As a country, we have nothing to boast about if we are not looking after the education of our children in preparation for assuming responsibility for their lives and the nation.
To have children out of school because of management failures at the level of the government is not only a disgrace but a betrayal of the Independence pledge to equip our children to realise the future of our dreams for them.
For too many children in 21st century T&T, the school experience is short-changed by ongoing instability which most disadvantages those in low-income, rural communities for whom education is the one legal ticket out of poverty.
Hardly a month goes by without a school being shut down as a result of either collapsing infrastructure, or insect or animal infestation, or school violence, or invasive crime, or teacher dissatisfaction due to working conditions or terms of employment.
In South Trinidad this week, parents and pupils were out in protest against the abrupt closure of the Point Fortin East Secondary School where 694 pupils again found themselves locked out because of the need for urgent repairs to the building. This, notwithstanding the $700,000 spent on repairs during the July-August holidays last year. The public official who signed off on this repair project must explain the oversight failures that resulted in OSHA declaring the building unfit for occupation, pending completion of repairs.
At the other end of the island, in Blanchisseuse along the north coast, 105 pupils of La Fillette Primary School are pleading for a building of their own. For over 70 years, generations of pupils shared a building with the La Fillette Roman Catholic Church until it became unfit for occupation. From there they were moved to Blanchisseuse Secondary School which parents have deemed unsuitable due to poor lighting and exposure to weather conditions, among other issues.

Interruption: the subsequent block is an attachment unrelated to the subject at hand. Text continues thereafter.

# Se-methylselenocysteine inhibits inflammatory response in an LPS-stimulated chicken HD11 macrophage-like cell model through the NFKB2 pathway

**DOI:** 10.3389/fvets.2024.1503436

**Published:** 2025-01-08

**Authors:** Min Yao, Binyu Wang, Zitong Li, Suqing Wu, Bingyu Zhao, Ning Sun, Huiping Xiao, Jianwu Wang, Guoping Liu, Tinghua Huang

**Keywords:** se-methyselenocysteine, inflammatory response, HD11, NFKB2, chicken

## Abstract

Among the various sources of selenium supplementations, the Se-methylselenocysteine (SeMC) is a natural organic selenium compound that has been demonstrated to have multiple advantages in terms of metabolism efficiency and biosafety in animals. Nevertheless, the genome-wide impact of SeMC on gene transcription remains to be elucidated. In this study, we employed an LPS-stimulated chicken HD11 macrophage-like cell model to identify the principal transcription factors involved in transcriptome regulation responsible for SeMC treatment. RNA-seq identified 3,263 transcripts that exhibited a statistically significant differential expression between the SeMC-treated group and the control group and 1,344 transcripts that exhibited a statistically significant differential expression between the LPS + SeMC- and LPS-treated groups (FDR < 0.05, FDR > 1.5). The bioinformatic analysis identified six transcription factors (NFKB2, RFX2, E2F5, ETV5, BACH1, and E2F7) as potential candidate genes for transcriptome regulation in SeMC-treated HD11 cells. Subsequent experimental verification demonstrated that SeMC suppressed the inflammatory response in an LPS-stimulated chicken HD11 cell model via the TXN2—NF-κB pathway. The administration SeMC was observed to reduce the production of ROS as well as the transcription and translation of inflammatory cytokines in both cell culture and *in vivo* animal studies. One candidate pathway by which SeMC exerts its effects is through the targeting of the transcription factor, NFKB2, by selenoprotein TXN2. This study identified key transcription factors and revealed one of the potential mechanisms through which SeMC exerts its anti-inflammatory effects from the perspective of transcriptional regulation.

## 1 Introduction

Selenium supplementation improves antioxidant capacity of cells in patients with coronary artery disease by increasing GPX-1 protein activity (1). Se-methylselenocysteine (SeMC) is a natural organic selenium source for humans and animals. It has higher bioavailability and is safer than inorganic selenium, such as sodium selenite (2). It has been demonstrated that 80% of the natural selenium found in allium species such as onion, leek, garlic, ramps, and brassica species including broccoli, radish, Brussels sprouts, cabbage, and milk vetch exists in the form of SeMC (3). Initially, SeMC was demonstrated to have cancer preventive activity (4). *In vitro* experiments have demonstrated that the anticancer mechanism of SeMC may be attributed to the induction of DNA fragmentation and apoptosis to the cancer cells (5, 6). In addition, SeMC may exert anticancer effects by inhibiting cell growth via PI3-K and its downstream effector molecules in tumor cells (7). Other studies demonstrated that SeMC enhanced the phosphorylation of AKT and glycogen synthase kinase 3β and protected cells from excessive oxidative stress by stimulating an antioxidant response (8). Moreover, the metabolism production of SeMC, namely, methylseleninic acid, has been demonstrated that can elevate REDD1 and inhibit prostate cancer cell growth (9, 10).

In Central Trinidad, Couva West Secondary School has been closed since October due to health and safety problems going back almost seven years. In the same region, 770 pupils were affected when Edinburgh Government Primary School was shut down by a mould problem. The Ministry of Education and the Trinidad and Tobago Unified Teachers’ Association remain in dispute over an OSHA report declaring the school fit for occupation.
Still in Central Trinidad, pupils of Preysal Government Primary School have been twice disrupted, first by being moved to the Preysal Community Centre while their school was being rebuilt, and more recently by a leaking commercial valve at the community centre which was not repaired as promised during the Christmas holidays. Meanwhile, work has been stopped at the unfinished new school.
In Port of Spain, classes at South East Port of Spain Secondary School were disrupted last November after a stray bullet entered a classroom, leaving staff and pupils afraid to return. Concrete louvres are reportedly being installed as a protective measure.
The list goes on and on. For thousands of children, the boast of free education masks the reality of the high price paid in frustration and an inequality of treatment that risks leaving thousands of children behind their peers in the race to the future.